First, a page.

Friday, April 1, 2011

The Drawing Center - Dr. Larka

The Drawing Center exists as an aid to the connection of art with its ancestors. The space’s hard wood flooring and central Romanesque columns create a room that feels much more monumental then is possible for Wooster Street. This meditative center lowers your voice and dilates your pupils to best observe of the delicate work of pencil and ink on paper.

The artists exhibited have chosen a powerful medium requiring an academic technique that unites all great craftsmen of art’s past. In a city that promotes success through electrical plugs and sockets, the drawing center has anchored itself in art’s infancy, when pencil, ink, paper and the instinctual talent of an individual were the only required tools.

The Drawing Center is the perfect place for Mexican artist Dr. Larka to debut his raw, impulsive work to New York. The work explores the inter-stirrings of humanity’s primal urges. He then manifests these impulses as ink drawings similar in style to traditional tattooing and early cartooning. The sketchy, unpolished work is assisted by the medium allowing it to hang as a complete thought. The ink and tracing paper allow Dr. Larka to record his visions more accurately then one might assume when looking at the crowded collage of faces and bodies. The quick movements of the arm and trusting use of black ink and white paper utilized by Dr. Larka are translated poetically as an unedited stream of consciousness for the viewer to pore over. Each drawn object offering itself as a piece of another object makes these compositions puzzling, however, the final map of Dr. Larka’s channeled impulses offers the viewer something to connect and converse with. Sketch 6, immediately grasping because of the wide exposing mouth and woman whose breasts are deserving of a permanent spot on any sailor’s body, when closely indulged reveals a spectrum of emotions that are gently drawn but heavily felt. The work is held in balance by the duality of a soft medium and a rich subject matter.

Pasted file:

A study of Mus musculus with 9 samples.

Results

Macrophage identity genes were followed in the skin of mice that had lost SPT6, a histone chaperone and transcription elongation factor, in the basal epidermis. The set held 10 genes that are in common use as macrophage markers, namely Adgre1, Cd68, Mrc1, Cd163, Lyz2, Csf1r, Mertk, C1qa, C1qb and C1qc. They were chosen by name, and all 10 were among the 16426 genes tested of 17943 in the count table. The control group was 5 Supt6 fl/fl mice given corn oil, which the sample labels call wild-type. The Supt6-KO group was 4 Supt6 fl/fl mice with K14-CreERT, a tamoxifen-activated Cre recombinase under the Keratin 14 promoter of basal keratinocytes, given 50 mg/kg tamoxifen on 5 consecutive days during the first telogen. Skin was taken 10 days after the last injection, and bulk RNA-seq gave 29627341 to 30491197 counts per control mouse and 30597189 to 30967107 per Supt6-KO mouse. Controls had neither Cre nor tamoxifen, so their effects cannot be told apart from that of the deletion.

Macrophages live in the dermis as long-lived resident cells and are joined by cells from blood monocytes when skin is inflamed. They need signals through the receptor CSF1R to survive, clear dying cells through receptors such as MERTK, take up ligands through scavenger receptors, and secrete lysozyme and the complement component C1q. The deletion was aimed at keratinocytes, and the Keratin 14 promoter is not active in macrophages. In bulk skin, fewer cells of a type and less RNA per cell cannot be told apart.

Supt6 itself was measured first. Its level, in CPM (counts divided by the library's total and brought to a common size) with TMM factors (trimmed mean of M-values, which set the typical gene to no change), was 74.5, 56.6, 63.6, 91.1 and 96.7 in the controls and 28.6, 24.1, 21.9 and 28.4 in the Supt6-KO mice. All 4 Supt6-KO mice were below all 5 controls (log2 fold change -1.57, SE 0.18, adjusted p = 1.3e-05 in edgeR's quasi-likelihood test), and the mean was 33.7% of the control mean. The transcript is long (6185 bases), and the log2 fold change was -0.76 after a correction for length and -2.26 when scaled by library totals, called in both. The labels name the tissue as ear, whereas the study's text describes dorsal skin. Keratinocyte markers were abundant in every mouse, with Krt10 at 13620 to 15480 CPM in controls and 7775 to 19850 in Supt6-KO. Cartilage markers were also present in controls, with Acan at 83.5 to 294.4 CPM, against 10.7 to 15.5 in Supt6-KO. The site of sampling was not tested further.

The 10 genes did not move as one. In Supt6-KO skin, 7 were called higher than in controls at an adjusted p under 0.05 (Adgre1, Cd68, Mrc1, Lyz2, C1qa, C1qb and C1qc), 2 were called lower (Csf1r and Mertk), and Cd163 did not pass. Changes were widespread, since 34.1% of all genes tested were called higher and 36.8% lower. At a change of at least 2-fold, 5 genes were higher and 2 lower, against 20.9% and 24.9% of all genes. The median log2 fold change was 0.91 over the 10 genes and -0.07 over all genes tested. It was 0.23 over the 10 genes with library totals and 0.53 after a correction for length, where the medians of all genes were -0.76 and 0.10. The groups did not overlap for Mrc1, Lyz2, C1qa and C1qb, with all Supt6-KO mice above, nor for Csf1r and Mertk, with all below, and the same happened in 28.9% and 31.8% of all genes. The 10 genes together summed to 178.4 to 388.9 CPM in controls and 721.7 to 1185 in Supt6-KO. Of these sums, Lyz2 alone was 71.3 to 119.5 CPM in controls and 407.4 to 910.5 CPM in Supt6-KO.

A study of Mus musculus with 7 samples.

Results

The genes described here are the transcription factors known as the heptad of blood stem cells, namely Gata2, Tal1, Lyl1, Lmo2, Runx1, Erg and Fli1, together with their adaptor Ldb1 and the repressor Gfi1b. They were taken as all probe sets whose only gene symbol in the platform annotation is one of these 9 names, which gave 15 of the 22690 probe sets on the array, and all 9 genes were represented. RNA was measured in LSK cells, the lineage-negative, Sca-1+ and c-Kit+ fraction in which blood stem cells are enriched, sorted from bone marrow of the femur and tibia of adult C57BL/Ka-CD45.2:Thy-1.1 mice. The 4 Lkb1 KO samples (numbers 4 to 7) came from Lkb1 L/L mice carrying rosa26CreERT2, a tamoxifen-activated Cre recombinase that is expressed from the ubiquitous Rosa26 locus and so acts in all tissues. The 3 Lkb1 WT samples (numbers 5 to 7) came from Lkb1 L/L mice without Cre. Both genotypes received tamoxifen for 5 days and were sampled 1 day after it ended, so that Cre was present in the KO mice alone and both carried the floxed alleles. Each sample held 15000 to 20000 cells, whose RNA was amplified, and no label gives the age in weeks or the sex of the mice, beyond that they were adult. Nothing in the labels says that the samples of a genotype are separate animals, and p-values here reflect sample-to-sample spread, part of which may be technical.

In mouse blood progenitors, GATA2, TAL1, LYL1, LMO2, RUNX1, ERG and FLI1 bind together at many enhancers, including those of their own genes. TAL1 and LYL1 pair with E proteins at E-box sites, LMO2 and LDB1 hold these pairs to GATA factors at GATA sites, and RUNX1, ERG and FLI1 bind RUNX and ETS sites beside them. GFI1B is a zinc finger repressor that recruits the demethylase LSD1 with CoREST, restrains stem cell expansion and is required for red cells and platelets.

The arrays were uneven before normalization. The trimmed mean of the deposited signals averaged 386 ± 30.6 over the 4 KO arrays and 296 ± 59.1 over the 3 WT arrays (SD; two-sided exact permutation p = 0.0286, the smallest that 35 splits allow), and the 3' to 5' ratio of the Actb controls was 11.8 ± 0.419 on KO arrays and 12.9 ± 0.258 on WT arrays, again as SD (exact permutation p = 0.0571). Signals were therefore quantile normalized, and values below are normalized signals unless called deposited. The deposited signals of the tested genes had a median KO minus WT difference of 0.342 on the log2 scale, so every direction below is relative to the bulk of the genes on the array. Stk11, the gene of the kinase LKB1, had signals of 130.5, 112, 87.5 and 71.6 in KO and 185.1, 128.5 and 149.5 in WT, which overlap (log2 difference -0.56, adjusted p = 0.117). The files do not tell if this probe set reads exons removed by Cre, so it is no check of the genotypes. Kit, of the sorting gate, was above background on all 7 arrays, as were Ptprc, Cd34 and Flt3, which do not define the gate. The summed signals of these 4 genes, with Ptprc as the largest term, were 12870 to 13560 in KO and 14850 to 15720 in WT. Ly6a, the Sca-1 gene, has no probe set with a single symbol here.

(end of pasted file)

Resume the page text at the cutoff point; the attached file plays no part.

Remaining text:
When visiting the Drawing Center and observing the visual expressions of artist, Dr. Larka, it is important to digest the experience slowly and fully. What might appear as elementary and expired is in fact crucial to the New York art circuit, which surges with a constant desire to evolve using all the new media one can imagine.


  1. The opening part about the gallery, and the experience of being there, should maybe a litter more tied to what impact it has on Dr Lanka’s work. Do you mean that this serious and profound space gives more importance or dignity to an elementary kind of aesthetics? If the part about the gallery space does not directly relate to the exhibition it can seem a little of the subject.
    You are also contrasting his work with the rest of New York’s art scene…The first time you write “In the city that promotes success through electrical plugs and sockets”, we don’t know which city you are impaling. Also, is New York´s whole art scene a not more diverse then that? You would have a stronger argument if you contrast Dr Lanka’s work to something a little more specific.

  2. Feels like two separate reviews. I agree with Anna. Try to make the first two paragraphs flow better with the last two. I think you should focus on Dr. Larka in context with the DC and less on the DC as it’s own entity.

    I think the content that you did described, was done accurately but you left out the impact/gasp factor the show has on viewers who may not be used to or comfortable viewing this type of content. Also, the wall mural should be talked about as I think it was one of the focal points. Dr. Larka’s Mexican heritage, like the Day of the Dead, is also an element in the content that I personally noticed in his work, so try to incorporate that as well.

    Overall, I thought the descriptive elements were well written.